Does it feel like your paycheque disappears by the end of the month? With so many bills and expenses, it can be tough to feel like you’re getting ahead. If you sometime struggle to pay the bills, it might be because some of your habits are costing you money you can ill-afford.
There’s likely some “fat” in everyone’s budget that could be cut. However, it is often easy to explain this spending away. You might not realise just how much of your paycheque is going towards small luxuries every week until you take a long, hard look at your budget.
To help you get started, here are five bad habits you might want to reduce or cut out altogether.
Smoking has become an increasingly expensive habit. Governments worldwide tax cigarettes to try to curb the number of smokers and help fund health care programs aimed at dealing with the long-term consequences of the addiction.
In fact, a pack-a-day smoker in New Zealand could expect to spend around $10,800 every year! That’s a lot of money that could be used to pay the bills, go into a savings account or pay for healthier indulgences.
And smoking also has hidden costs. Life and funeral insurance premiums are generally higher for smokers, as are premiums for health insurance. Smoking is linked to many health conditions, including asthma and heart disease. If you smoke, you may be spending more on prescriptions or specialist appointments.
- Drinking Alcohol
Whilst there are studies suggesting that moderate drinking could carry some health benefits, it can still be expensive. Trendy bars and clubs often charge a substantial mark-up on beer, wine and cocktails that could be enjoyed at home for a fraction of the price. After work drinks or a night out once a week could quickly add up, particularly if you always seem to be the one picking up the tab.
Drinking is often a social activity, so you may be reluctant to cut it out of your calendar completely. However, there are ways to save while still enjoying a bit of alcohol. Beer and wine are typically less expensive than liquor and cocktails, especially if you limit yourself to just one or two drinks during the night. If you often meet friends for drinks, offer to host a gathering at your home where everyone brings a bottle of wine and some nibbles to share.
- Buying takeaway coffees
Life is busy, and many people rely on cafes to help them not only get a caffeine fix in the mornings, but to do so as quickly as possible. Grabbing a coffee on the way to work, university or as you run errands might be second nature. But it could also be an expensive habit.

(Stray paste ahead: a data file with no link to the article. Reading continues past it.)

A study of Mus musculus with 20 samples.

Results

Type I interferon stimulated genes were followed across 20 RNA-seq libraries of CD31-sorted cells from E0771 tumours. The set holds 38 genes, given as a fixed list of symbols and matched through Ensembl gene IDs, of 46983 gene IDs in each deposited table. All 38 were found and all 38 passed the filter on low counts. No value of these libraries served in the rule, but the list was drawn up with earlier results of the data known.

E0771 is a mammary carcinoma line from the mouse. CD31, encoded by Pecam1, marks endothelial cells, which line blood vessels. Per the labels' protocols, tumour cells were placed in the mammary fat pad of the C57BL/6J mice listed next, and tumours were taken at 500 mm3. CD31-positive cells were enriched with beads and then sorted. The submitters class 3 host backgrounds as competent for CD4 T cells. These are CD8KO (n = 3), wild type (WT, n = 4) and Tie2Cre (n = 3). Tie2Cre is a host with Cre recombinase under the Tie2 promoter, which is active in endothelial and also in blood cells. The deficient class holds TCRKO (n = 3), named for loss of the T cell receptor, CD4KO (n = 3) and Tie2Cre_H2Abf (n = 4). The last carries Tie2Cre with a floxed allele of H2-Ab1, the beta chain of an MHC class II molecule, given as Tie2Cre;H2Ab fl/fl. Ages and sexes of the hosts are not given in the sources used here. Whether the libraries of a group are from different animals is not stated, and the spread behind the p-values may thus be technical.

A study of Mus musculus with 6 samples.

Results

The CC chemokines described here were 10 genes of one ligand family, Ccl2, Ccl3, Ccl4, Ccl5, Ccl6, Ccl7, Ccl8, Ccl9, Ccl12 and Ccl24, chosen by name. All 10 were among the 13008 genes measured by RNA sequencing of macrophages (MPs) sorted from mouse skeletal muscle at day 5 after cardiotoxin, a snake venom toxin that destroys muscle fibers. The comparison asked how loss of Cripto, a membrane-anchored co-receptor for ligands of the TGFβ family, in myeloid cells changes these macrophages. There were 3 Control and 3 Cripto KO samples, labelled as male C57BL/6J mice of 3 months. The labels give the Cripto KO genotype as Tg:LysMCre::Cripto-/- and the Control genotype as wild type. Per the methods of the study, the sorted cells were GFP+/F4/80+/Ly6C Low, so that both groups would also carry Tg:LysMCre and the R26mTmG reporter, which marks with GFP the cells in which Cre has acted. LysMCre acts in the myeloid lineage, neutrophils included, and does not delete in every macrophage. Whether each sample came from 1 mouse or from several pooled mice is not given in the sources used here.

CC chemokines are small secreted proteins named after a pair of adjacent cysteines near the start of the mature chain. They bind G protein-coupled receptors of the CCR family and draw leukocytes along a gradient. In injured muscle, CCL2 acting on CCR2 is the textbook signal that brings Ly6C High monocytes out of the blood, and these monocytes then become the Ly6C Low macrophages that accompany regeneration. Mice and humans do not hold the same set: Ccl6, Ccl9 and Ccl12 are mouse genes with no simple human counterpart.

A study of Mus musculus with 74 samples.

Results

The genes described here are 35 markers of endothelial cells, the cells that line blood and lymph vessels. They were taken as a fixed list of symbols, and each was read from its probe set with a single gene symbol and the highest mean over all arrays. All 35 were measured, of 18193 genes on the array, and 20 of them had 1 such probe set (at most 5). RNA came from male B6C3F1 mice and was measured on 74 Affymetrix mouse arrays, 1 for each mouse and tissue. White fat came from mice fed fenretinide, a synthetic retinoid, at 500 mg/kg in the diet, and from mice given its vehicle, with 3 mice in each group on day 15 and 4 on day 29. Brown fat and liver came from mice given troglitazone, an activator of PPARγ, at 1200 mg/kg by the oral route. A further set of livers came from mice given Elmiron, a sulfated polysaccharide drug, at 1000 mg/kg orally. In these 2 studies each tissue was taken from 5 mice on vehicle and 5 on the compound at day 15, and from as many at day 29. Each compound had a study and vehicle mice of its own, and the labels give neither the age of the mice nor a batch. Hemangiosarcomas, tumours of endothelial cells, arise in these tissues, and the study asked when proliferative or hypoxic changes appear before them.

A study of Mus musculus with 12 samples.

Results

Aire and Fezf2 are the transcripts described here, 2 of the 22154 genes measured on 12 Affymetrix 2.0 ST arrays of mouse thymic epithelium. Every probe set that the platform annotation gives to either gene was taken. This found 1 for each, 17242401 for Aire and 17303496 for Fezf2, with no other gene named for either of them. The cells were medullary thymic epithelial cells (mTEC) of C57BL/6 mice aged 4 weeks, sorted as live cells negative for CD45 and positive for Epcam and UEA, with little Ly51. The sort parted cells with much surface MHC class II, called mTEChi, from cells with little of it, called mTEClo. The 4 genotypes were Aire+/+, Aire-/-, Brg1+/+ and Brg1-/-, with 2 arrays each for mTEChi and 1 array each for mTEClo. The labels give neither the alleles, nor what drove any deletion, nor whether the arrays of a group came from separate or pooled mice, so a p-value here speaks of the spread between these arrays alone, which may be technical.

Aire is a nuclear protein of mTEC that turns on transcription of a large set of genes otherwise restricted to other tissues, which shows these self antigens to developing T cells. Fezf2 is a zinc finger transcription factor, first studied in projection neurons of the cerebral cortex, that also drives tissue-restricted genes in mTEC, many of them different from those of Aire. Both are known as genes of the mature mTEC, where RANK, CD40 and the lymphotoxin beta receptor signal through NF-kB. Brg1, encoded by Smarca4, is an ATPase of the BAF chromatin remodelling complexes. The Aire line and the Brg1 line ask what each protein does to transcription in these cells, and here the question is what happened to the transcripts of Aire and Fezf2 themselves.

If you spend on average $5 for a takeaway coffee five days a week, that’s just $25 a week. It doesn’t sound like much but multiply that over an entire year—that’s $1,300 that could be used elsewhere in your budget. Many coffee lovers drink more than one cup in a single day. They could potentially double or even triple their savings by making coffee at home and bringing it in a thermos (and you can still save by just limiting yourself to just one or two takeaway cups each week).
Whether it’s a casual bet on a rugby match, playing the slots at their local casino, buying lottery tickets or a weekly poker game amongst friends, gambling is a habit that could potentially cost you a lot of money.
As with smoking and drinking, the addictive nature of gambling can make it very expensive. It can be all too easy to bet big on things like sport matches, especially if you’re sure your team can’t lose. And if you do win big, it’s often tempting to roll the funds over into another bet. In these situations, it may help to remember that gambling rarely pays in the long-run. Even professional gamblers can struggle to make a living from it, because the odds are rigged so that the “house” almost always wins. It may be smarter to stick with just one small bet or skip gambling altogether.
- Eating Out Regularly
When you dine out or order delivery, you’re not just paying for the cost of the food. You’re also paying your share of the restaurant’s expenses, including labour for kitchen staff, managers, waiters and delivery drivers. There’s also built in costs for overhead—everything from rent to plates and cutlery. The restaurant needs to make a profit, after all!
In many cases, you can make the same food at home for considerably less money. Even those with busy schedules may have an hour or two on the weekend that could be used for grocery shopping and meal prep. Even if you cut out just one or two takeaway meals each week, the savings could add up.
And don’t forget about fast food! Even though the meals may be cheaper than a restaurant’s, that’s still money being spent a few times a week that could go towards other expenses. Bringing lunches from home could help you save money in this area.
Take a look at your budget and see if any of the above habits is holding you back. Reducing how much you spend in just one category—or cutting it out completely—could equal big savings over time. That could mean stressing less over whether your paycheque will last the month, more money in savings or extra dough to spend on your next holiday!